The rollout of encrypted messaging will not be completed until some point in 2023, Facebook’s owner has said, after fears such a move could put children at greater risk of exploitation and abuse.
Meta, which owns the social networking giant as well as the messaging service WhatApp, said it is taking time to “get this right” and pledged to work to strike a balance between privacy and safety online.
End-to-end encryption hides messages from everyone except those in a conversation, and has previously sparked warnings that it threatens children’s safety online.
Antigone Davis, the boss of safety at Meta, said it will keep working with experts to tackle abuse, but insisted that in previous cases the firm was still in a position to help authorities despite services being encrypted.
Writing in the Sunday Telegraph, she said: “Our recent review of some historic cases showed that we would still have been able to provide critical information to the authorities, even if those services had been end-to-end encrypted.
“While no systems are perfect, this shows that we can continue to stop criminals and support law enforcement.
“We’ll continue engaging with outside experts and developing effective solutions to combat abuse because our work in this area is never done. We’re taking our time to get this right and we don’t plan to finish the global rollout of end-to-end encryption by default across all our messaging services until sometime in 2023.”
The social network’s other messaging platform, WhatsApp, is already fully encrypted.
Last year, the then children’s commissioner for England Anne Longfield said plans by social media firms for more encryption in messaging services would place children at greater risk by making it impossible for platforms to monitor content and prevent the police from gathering potentially vital evidence of child sexual exploitation.
Facebook’s plans for encryption have also been previously criticised by the Government, with Home Secretary Priti Patel warning it puts children at risk and offers a hiding place for abusers and other criminals.
Ms Davis said the firm is “determined to protect people’s private communications and keep people safe online”, but added that “people shouldn’t have to choose between privacy and safety”.
She added that the firm is “building strong safety measures into our plans and engaging with privacy and safety experts, civil society and governments to make sure we get this right”.
The company set out its “three-pronged approach” which it said involves preventing harm, giving people more control, and quickly responding if something happens.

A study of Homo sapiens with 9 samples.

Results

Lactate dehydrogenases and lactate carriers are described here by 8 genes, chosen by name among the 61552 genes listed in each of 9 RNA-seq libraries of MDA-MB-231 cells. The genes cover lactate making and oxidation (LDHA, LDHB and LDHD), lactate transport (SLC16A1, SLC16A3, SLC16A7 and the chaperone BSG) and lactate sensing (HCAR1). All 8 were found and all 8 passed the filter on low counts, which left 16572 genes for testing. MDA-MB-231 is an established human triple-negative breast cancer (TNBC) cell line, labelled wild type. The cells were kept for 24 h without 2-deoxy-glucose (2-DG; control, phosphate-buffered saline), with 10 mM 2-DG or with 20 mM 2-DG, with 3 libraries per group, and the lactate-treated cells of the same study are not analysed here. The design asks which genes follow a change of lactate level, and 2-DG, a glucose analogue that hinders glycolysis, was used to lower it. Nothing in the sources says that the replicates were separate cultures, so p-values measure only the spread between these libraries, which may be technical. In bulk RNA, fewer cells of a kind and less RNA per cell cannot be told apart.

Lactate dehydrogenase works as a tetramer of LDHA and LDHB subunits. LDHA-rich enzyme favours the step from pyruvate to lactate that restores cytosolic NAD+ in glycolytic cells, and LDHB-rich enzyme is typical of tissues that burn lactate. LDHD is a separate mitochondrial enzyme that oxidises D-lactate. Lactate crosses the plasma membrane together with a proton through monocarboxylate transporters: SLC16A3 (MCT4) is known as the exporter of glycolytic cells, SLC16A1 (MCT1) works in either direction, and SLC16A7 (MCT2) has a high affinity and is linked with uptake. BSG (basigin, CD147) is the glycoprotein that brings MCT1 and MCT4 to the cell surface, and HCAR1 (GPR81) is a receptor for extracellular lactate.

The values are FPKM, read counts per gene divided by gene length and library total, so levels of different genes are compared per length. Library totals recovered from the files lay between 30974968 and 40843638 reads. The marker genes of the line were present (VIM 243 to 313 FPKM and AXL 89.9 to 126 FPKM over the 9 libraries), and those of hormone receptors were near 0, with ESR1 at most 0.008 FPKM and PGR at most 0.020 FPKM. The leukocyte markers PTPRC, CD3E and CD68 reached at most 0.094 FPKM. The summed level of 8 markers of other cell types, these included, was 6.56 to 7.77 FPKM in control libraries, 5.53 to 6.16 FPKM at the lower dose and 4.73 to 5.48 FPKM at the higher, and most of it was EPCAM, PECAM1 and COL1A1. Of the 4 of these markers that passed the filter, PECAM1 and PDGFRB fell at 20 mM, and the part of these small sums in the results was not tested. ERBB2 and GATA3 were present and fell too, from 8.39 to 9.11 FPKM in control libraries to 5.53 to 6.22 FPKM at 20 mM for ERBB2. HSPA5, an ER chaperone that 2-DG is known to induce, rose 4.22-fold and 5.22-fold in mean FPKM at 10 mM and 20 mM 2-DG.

It comes a day after the head of Ofcom reportedly called for social media companies to face sanctions if they do not prevent adults from directly messaging children.
The communications watchdog will regulate the sector under the Online Harms Bill and has the power to fine companies and block access to sites.
The Times reported Dame Melanie Dawes will encourage the regulator to closely examine direct messaging when the new regulations are introduced in 2023.
Speaking about the industry and the bill, Dame Melanie said: “I don’t think it’s sustainable for them to carry on as we are. Something’s got to change.
“What regulation offers them is a way to have consistency across the industry, to persuade users that they’re putting things right, and to prevent what could be a real erosion of public trust.
“They really need to persuade us that they understand who’s actually using their platforms, and that they are designing for the reality of their users and not just the older age group that they all say they have in their terms and conditions.”
In her piece, which was written before Dame Melanie’s comments, Ms Davis said Facebook was protecting under-18s on its site with measures including defaulting them into private or “friends only” accounts and restricting adults from messaging them if they are not already connected.
The proposals in the Online Harms Bill include punishments for non-compliant firms such as large fines of up to £18 million or 10% of their global turnover – whichever is higher.
In August, Instagram announced it would require all users to provide their date of birth, while Google has introduced a raft of privacy changes for children who use its search engine and YouTube platform.
TikTok also began limiting the direct messaging abilities of accounts belonging to 16 and 17-year-olds, as well as offering advice to parents and caregivers on how to support teenagers when they sign up.
Andy Burrows, head of child safety online policy at the NSPCC, said: “Facebook is right not to proceed with end-to-end encryption until it has a proper plan to prevent child abuse going undetected on its platforms. But they should only go ahead with these measures when they can demonstrate they have the technology in place that will ensure children will be at no greater risk of abuse.
“More than 18 months after an NSPCC-led a global coalition of 130 child protection organisations raised the alarm over the danger of end-to-end encryption Facebook must now show they are serious about the child safety risks and not just playing for time while they weather difficult headlines.”